The media bias rating for The Week's news section is Center. AllSides provides a separate media bias rating for The Week's Opinion section. In January 2020, AllSides decided to split the bias rating for The Week into two following an independent review by members of the AllSides team that found the bias of The Week's opinion section differs significantly from its news section.
AllSides rates the bias of online content only; our ratings do not apply to print, radio, video, or TV content.
In its news articles, The Week frequently offers both the left and right perspective and is relatively balanced.
The bias of The Week's opinion and commentary section leans left overall. Notably, the Week's news portion is much more easily found in its print magazine than online; The Week's homepage features mostly commentary, giving its homepage a Lean Left bent.
AllSides initially rated The Week - News bias as Lean Left, but following an AllSides independent review in July 2019 in which we analyzed changes made by The Week, we changed its bias to Center.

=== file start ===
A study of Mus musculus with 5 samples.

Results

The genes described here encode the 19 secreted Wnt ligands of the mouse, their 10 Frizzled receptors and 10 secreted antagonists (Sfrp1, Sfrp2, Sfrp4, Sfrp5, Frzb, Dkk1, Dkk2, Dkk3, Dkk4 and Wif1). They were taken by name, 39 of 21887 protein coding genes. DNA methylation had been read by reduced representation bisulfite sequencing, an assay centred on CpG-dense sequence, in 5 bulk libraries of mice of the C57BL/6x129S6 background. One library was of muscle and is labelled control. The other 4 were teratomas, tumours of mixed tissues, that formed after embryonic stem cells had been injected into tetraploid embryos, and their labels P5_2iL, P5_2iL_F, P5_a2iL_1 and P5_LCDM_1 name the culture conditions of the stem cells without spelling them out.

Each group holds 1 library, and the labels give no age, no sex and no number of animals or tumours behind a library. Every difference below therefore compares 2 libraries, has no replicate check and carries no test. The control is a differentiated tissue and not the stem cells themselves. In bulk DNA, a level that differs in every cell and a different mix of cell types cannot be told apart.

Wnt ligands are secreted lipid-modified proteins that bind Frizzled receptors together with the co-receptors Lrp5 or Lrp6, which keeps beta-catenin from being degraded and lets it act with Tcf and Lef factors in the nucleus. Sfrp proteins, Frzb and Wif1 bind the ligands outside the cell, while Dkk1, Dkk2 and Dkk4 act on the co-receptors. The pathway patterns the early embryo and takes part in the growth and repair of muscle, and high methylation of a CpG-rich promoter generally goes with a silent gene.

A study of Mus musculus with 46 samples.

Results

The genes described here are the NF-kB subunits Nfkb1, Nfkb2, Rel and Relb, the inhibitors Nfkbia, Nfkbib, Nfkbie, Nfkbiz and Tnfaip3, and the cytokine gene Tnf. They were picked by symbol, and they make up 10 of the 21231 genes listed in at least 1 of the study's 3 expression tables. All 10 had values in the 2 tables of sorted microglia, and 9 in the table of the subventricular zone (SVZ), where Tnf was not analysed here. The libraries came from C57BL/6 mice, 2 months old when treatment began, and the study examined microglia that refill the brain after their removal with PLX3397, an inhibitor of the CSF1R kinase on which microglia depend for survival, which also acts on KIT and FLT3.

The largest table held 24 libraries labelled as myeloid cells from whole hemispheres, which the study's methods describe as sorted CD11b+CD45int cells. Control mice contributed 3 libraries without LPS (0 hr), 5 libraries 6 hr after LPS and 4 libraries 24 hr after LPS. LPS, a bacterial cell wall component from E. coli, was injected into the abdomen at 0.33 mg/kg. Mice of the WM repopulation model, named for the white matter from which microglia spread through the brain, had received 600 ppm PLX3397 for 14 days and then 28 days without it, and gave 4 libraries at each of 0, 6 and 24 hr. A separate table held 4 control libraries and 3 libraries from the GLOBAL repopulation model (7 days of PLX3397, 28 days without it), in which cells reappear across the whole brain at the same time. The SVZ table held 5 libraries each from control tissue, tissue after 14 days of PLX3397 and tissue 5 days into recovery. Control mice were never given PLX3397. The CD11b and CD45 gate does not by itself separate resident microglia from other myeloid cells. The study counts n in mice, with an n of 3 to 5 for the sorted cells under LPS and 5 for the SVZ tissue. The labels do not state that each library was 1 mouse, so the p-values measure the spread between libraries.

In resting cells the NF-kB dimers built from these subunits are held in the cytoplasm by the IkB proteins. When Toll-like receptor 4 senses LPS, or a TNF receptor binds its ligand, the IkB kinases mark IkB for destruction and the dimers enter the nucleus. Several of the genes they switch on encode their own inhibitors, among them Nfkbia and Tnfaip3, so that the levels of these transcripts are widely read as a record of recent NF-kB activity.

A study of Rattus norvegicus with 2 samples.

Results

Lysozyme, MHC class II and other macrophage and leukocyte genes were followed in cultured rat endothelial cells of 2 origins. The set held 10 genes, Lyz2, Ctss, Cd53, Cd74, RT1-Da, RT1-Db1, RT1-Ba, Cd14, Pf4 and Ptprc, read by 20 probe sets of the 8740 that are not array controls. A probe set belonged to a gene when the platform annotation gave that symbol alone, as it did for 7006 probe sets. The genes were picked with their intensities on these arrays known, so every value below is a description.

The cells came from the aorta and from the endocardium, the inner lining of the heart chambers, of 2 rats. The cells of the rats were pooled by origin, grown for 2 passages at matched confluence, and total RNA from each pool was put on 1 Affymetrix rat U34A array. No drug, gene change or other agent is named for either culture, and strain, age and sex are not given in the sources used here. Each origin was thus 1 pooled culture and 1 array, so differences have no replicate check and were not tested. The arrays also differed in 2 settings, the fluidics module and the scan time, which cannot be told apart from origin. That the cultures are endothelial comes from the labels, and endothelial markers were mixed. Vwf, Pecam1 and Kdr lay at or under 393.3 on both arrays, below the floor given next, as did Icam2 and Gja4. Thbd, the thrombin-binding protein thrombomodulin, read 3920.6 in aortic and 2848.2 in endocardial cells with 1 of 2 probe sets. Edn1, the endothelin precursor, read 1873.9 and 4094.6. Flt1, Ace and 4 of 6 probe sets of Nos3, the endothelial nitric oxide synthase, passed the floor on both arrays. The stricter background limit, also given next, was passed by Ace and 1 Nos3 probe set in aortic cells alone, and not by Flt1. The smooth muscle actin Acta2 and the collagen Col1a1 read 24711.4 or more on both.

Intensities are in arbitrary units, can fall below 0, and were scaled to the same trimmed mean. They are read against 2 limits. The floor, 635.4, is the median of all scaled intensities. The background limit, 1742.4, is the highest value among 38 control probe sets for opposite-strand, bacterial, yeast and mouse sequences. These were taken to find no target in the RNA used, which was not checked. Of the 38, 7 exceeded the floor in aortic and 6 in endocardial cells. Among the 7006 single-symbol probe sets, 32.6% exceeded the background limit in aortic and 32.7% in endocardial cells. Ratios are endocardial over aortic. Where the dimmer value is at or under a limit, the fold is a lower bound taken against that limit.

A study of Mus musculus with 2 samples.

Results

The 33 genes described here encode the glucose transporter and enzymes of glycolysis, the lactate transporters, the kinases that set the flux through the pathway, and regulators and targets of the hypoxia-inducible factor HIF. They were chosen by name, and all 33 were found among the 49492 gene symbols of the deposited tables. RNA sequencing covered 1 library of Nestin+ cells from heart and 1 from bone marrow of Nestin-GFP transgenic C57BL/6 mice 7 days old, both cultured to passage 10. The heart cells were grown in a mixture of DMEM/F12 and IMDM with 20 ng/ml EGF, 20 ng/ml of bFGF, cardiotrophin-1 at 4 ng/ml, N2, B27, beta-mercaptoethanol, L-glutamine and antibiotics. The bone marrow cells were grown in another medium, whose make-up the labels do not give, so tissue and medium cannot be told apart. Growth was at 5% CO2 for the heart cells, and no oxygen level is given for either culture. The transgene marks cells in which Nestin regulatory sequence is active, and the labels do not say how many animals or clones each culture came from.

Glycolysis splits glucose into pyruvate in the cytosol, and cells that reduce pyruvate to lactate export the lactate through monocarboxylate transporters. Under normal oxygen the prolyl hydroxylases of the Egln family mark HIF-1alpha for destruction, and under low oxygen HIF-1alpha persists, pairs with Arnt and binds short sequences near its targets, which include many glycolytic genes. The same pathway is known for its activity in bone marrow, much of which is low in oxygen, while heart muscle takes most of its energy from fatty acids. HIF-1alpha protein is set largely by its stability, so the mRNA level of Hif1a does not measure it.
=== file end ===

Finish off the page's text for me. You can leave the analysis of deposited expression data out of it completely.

The Week describes itself as a source helping readers to understand "all the issues, from all angles." The Week began with a print magazine 20 years ago, and now includes digital editions. The Week claims it is "designed for readers who want to know what's going on in the world, but don’t have the time to read a daily newspaper from cover to cover - let alone all of them."
As of April 2017, a majority of the 1,700 AllSides users who voted agreed with a bias rating of Center. However, at the same time, over 800 community members disagreed. A follow-up survey of those who disagreed revealed survey participants gave the magazine an average bias rating of 60.8. This rating is on the edge between Center and Lean Left biases, but is not enough evidence to change The Week's rating at this point.
More About The Week
The Week is a weekly British news magazine founded in 1995 by Jolyon Connell, formerly of the right-of center Sunday Telegraph. Its main focus is news and commentary pertaining to important world events, as well as science, business and the arts. Designed with the goal of informing readers who want to know what is going on in the world but do not have the time to read a daily newspaper, the magazine is printed in both the United Kingdom and the United States. It also includes digital editions, with weekly apps and a website that publishes distinctive online stories throughout the week.